Climate Change Impacts on Snowmelt-Dependent Agricultural Systems Near Mount KenyaEPA Grant Number: F13B20423
Title: Climate Change Impacts on Snowmelt-Dependent Agricultural Systems Near Mount Kenya
Investigators: Gower, Drew Budd
Institution: Princeton University
EPA Project Officer: Lee, Sonja
Project Period: September 10, 2014 through September 10, 2016
Project Amount: $84,000
RFA: STAR Graduate Fellowships (2013) RFA Text | Recipients Lists
Research Category: Academic Fellowships , Fellowship - Environmental Engineering
The objective of this project is to address the following questions: What is the extent and spatial distribution of river water abstractions in the Nanyuki Catchment? How might climate change affect water availability and livelihoods in the area? What factors will affect the resilience of dryland agricultural systems generally?
A socio-hydrologic model of the Nanyuki Catchment will be constructed by joining together three separate components: a hydrologic model of the catchment, an agent-based model of agricultural water use and a crop growth model. The combined model will then be calibrated using available rainfall and river flow records, dry season evapo-transpirative fluxes estimated from satellite imagery and agricultural yield data. Once calibrated, the model will be used to investigate the results of changes to climate and water demand on agricultural yields. Finally, the agentbased model will be coupled to a conceptual hydrologic model and used to evaluate the yields that could be expected in a general irrigated dryland catchment under a range of geographic, administrative and land use conditions.
The catchment-specific modeling efforts will produce management strategies to balance water availability for upstream and downstream users. Such strategies may take the form of recommendations for river withdrawal limits based on the time of year or recent climate history. These also could include recommendations for such infrastructure investments as wells, rainfall-harvesting systems and irrigation canals at different locations along the river system that would allow users to optimize the available resources unique to that area. The results of the generalized modeling efforts, though not relevant to a specific location, will take the form of recommendations on the appropriate structure of community irrigation systems in different types of dryland environments.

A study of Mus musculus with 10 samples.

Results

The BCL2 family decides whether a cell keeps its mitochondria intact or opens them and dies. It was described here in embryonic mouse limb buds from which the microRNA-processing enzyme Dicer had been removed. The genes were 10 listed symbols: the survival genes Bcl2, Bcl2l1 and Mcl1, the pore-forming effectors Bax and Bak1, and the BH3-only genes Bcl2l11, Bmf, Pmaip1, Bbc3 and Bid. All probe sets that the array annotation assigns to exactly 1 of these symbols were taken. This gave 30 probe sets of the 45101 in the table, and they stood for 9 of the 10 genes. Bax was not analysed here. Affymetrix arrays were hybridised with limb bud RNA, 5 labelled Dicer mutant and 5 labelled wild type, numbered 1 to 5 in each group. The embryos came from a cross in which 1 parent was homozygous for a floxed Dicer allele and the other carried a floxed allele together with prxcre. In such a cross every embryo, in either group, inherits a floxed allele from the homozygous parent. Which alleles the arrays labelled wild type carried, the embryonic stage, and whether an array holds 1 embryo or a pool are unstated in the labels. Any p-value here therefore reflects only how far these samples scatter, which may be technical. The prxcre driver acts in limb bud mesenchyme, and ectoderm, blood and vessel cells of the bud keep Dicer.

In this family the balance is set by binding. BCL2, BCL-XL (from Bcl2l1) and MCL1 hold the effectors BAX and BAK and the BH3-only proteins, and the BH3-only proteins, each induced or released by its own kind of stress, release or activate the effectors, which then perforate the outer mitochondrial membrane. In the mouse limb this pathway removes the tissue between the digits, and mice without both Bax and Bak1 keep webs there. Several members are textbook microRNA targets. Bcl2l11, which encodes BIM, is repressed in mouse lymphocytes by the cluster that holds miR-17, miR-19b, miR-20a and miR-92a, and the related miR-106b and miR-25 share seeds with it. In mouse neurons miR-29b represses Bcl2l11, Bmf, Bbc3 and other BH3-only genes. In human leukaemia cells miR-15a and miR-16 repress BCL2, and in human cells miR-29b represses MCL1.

Potential to Further Environmental/Human Health Protection
On a larger scale, this project will be of interest to water resource managers in other dryland regions that are currently dependent on local “water towers” like Mount Kenya. As climate change begins to affect these areas, they, too, will need to reconsider longstanding water-sharing agreements that no longer provide an equitable partitioning of resources. Disseminating the results to interested parties around the world will help advance sustainable solutions to water management problems and protect the environment and agricultural communities in the face of a changing climate.